How bad was it?
    How did you treat it?
    Did the dog grow out of it?

    I've heard it's not that bad in goldens and some dogs grow out of it. Just checking if anyone on here has experience with it.

    Thanks



    This isn't anything new. This is a issue that has been with the breed from the beginning. Up until recently most people just dismissed it as puppy dander.

    Danielle Wilson




    http://www.australiangoldenretriever...ever%20pdf.pdf
    This document shows pups from two carrier parents only have a 25% chance of being affected. The breeder told me it was too early for her to tell if any pups were affected because they needed a blood test and they're only a week old. I thought you could tell immediately by parting the hair and looking at the skin?

    swampcollie - I know it's not a new thing. I was just looking at a litter where both parents were carriers and wondering what caring for an affected dog entails. Most of what I have read and been told is it's not a big deal.
    For most, it isn't a big deal. It's just excess dander.
    If the dog has other immune related issues however the effects of Icthyosis can be magnified dramatically.

  8. #8
    Senior Member Miriam Wade's Avatar
    swampcollie - I know it's not a new thing. I was just looking at a litter where both parents were carriers and wondering what caring for an affected dog entails. Most of what I have read and been told is it's not a big deal.

    http://www.australiangoldenretriever...ever%20pdf.pdf
    This document shows pups from two carrier parents only have a 25% chance of being affected. The breeder told me it was too early for her to tell if any pups were affected because they needed a blood test and they're only a week old. I thought you could tell immediately by parting the hair and looking at the skin?
    I try not to post much and I try even harder not to be preachy. Training advice is one thing, but I think we all have a right to a voice on health issues. I don't understand at all breeding two carriers and rolling the dice that a puppy(ies) will be affected. Downplaying it as not a big deal and something they'll grow out of is irresponsible when there are no guarantees on that. Even one puppy who is miserable is one too many.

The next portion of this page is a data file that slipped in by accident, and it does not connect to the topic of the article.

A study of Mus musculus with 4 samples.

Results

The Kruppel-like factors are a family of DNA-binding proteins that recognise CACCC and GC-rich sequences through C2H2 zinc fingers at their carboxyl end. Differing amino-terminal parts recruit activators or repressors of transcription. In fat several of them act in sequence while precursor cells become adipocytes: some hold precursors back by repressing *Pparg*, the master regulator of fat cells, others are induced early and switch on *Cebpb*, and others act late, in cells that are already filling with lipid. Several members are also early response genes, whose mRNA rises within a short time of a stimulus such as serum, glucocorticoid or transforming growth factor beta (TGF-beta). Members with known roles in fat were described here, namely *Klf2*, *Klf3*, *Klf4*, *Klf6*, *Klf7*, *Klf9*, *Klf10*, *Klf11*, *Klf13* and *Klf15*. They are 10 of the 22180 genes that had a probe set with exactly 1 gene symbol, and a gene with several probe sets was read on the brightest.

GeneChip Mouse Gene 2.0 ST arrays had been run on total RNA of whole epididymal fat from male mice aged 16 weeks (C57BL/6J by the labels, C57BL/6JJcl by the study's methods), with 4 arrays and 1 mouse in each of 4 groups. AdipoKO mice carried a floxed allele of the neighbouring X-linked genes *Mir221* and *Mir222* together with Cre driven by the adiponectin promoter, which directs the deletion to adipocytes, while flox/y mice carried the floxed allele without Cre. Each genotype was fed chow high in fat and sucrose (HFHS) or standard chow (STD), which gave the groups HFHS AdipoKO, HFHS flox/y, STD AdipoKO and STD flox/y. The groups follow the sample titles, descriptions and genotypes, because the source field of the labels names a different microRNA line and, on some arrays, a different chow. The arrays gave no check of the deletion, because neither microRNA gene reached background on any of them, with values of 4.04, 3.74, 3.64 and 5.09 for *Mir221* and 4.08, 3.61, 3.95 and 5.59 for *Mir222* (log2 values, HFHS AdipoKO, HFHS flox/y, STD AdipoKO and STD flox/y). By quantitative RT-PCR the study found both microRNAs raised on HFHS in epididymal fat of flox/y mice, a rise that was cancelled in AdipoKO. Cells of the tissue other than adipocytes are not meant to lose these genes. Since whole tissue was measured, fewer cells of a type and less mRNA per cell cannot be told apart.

I completely understand breeding clear to carrier and clear to clear, but breeding affected or carrier to carrier is just wrong. The very reason we have testing is so that we can make educated choices when breeding and producing healthy pups.

    M
    "You can put pressure on a dog, you canít take it backÖ"

    Mitch Patterson '07

    I try not to post much and I try even harder not to be preachy. Training advice is one thing, but I think we all have a right to a voice on health issues. I don't understand at all breeding two carriers and rolling the dice that a puppy(ies) will be affected. Downplaying it as not a big deal and something they'll grow out of is irresponsible when there are no guarantees on that. Even one puppy who is miserable is one too many.

    I completely understand breeding clear to carrier and clear to clear, but breeding affected or carrier to carrier is just wrong. The very reason we have testing is so that we can make educated choices when breeding and producing healthy pups.

    M
    I am not trying to downplay it. I am trying to figure out if what I have been told is true or not.

  10. #10
    Senior Member Miriam Wade's Avatar
    I am not trying to downplay it. I am trying to figure out if what I have been told is true or not.
    I'm not saying you are down playing it at all. It's just w/ choices out there to be able to breed so that no puppies are affected why wouldn't everyone do so?

    I have a pup right now who is just wonderful. He was initially sold to a very successful obedience trialer and she had high hopes he would be her next OTCH. Both of her bitches are carriers for ichthy. When this male tested positive as a carrier she chose to return him to the breeder rather than breed him to her bitches as initially planned. I have high hopes for him as a FT dog. If he is ever bred it will only be to clear bitches.

    Again, don't mean to sound preachy, but I think we owe it to our dogs to rely on health clearances to give them an opportunity to live long healthy lives.

    M
    "You can put pressure on a dog, you canít take it backÖ"

    Mitch Patterson '07

    MHR Wadin's Katie Lied CD, SH, WCX (11/25/93-1/27/07 Rest Well Kate)
    Brassfire's Brass in Pocket JH, WCX ** (4 Master passes)
    Brassfire's New England Patriot (New Pup!!!)